11 November, 2022

Source : Daily Asian Age

Reading Time: 5 Minutes

With the slogan of ‘Service at Doorsteps’, Digital Centres have facilitated more than 300 services that build trust in the service receiver through a digital transformation of public service. By digitalizing public and private services, citizens’ satisfaction is improved, thus removing Time, Cost and (number of) Visit (TCV) and enhancing trust in e-government services.

The Digital Centre has become the hub for citizen-centric digital services. This strategic decision outpaced the evolving needs of the citizens and allowed the government to measure better economicoutcomes of their services and restore citizens’ trust. Currently, 16500entrepreneurs, with more than 5200 women entrepreneurs, are working at the Digital Centre with the motto of ‘Serving with heart’.

As the need for face-to-face interaction reduced between a service provider and recipient, the scope of online solutions expanded, minimizing corruption. The Digital Centre of the unions, upazillas and city corporations has become the one-stop e-service centre for citizens by facilitating well-being and economic advancement. Mr. Tanjir Hayat from Vanga Upazila, Faridpur, shared his experience of taking service from Digital Centre-

“After my father’s sudden death- I was not informed about the land assets of our family. No documents were in my hand, with complete darkness of land locations and proportions. Then I collected all khatiyan online through the Digital Centre of my union, which paved the way to manage all required records. Then, I completed the e-mutation online and did it without any hassle. I had to provide no bribe to any intermediary person.”

The Ministry of Land has brought dynamism to land management and has made citizens aware of their rights to their land. They have promoted receiving land-related digital services without physically coming to the land office. Furthermore, they have taken the initiative to supply suitable government data/information related to land services to ensure good land administration governance and be more people-oriented.

While one of the Government officers of Bangladesh (ICT Ministry) was visiting the Upazila Digital Centre of Jeshore, he expressed interest in talking with a woman aged 50+ years about the service. The answer of that woman was astonishing! – “I came here to pay the electricity bill with the rice on the stove. I don’t have time to talk to you…”

In this way, social dynamics is being changed by the Digital Centre with social involvement and acceptance of community people. The government is focused on achieving the SDG goals by 2030, involving citizens of the rural area through ICT connectivity to eradicate poverty, good governance and social equity. Marina is a 12 year-old girl from Fulchori Union, Gaibanda, whose mother is an expatriate in the Middle East. She expressed the necessity of having services from Digital Centre-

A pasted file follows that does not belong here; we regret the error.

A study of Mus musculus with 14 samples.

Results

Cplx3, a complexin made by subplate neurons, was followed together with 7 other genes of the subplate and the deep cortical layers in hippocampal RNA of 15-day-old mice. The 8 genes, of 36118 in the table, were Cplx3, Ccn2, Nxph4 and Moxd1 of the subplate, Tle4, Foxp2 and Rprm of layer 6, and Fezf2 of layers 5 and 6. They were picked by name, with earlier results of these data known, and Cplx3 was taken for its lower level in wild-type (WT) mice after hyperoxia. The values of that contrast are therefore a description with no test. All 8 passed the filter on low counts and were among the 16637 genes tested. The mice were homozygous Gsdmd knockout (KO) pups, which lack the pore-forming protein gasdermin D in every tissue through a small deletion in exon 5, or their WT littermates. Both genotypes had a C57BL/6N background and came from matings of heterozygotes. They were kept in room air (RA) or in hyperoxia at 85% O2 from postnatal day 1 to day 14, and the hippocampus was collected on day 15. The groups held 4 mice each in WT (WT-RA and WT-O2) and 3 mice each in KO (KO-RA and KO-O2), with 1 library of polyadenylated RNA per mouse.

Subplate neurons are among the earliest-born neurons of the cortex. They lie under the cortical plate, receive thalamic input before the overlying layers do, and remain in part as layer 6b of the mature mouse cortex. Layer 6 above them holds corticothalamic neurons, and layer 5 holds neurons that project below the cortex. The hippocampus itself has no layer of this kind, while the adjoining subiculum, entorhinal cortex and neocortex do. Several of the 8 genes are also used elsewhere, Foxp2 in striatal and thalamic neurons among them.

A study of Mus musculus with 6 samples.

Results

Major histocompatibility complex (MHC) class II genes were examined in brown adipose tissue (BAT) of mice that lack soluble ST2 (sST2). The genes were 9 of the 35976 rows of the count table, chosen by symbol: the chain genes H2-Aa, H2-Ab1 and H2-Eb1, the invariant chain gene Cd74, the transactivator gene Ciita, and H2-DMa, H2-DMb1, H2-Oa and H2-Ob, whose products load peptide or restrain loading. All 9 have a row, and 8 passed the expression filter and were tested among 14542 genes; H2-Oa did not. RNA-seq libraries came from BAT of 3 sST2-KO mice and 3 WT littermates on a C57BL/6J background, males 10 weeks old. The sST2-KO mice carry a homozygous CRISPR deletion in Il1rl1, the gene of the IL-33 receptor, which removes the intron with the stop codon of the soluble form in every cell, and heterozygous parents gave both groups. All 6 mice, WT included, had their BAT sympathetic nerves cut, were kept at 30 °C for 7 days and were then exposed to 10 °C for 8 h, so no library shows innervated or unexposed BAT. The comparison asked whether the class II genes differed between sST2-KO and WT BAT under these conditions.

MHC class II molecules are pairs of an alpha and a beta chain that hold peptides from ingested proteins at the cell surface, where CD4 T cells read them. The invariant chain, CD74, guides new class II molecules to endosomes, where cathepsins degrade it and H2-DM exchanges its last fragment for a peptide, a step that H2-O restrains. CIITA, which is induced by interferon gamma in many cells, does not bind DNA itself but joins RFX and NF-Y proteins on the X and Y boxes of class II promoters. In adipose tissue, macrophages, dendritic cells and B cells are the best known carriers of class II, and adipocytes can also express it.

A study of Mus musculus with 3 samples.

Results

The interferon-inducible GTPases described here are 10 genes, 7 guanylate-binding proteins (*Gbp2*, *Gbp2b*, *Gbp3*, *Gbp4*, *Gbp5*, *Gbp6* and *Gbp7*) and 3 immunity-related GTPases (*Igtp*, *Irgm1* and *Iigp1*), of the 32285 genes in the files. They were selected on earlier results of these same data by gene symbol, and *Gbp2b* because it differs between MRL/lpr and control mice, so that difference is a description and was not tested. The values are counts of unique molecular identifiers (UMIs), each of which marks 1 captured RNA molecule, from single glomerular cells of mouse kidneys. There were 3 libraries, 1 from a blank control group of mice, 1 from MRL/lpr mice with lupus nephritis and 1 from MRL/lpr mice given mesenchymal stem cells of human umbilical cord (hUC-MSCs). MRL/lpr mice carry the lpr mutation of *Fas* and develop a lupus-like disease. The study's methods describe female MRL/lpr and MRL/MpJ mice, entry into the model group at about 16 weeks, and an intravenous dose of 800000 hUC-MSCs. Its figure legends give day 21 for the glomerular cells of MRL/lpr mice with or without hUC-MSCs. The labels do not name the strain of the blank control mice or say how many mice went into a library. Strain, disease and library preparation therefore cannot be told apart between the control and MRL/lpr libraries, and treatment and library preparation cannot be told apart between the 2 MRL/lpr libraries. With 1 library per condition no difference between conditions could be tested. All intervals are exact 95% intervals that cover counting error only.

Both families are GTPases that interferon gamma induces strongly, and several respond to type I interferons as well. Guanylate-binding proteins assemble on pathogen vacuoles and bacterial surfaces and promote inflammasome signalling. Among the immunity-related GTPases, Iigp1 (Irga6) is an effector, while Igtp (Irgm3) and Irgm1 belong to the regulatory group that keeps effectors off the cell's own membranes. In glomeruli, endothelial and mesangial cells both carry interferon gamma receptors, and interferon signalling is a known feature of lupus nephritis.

“I don’t have any smartphone yet; when I need to see my mother’s face over a video call, Fulchori Digital Centre is the only reliable way to communicate. Moreover, I receive money here sent by my mother as a remittance.”

Digital Centre established public rights by ensuring information and government service at the doorstep of the grassroots level of people. Till now, 62.5 core services have been provided, saving an average of 17450.2 working hours, 13.1 thousand taka and 134.2 times the travel expenses of per service recipient, which resulted in 76.6% satisfaction.

It improved living standards by contributing to gender equality and women empowerment. Digital Centre provides training to unemployed youth, students, and women; a total 37 training courses of the Bangladesh Technical Education Board are available at the centre. After the training, the recipient will get a certificate from the board. The scope of work of the Digital Centre will be considered as an excellent tool in shaping Smart Bangladesh in the near future.

A large number of Digital Centre entrepreneurs worked for ‘COVID-19 Telehealth Centre’ as a volunteer during the pandemic. Omer Ali, a 70-year-old farmer, shared his experience regarding corona vaccine registration-

“As an illiterate, I wasn’t informed about how and where to register for the Covid-19 vaccine. I went to my Digital Centre along with my NID. They registered for me and gave me a printed vaccine card. I got vaccinated and am still alive after being affected by corona.”

Marginalized community’s economic growth and employment generation have been accelerated by accomplishing happiness and prosperity together, and Bangladesh is progressing as a modern welfare state where e-literacy, expansion of e-commerce, skilled human resources and e-governance are ensured by the Digital Centre. Digital Centre reaches the unreached people of the country where they can avail the ICT-based commercial and government services by paying a certain amount without any harassment.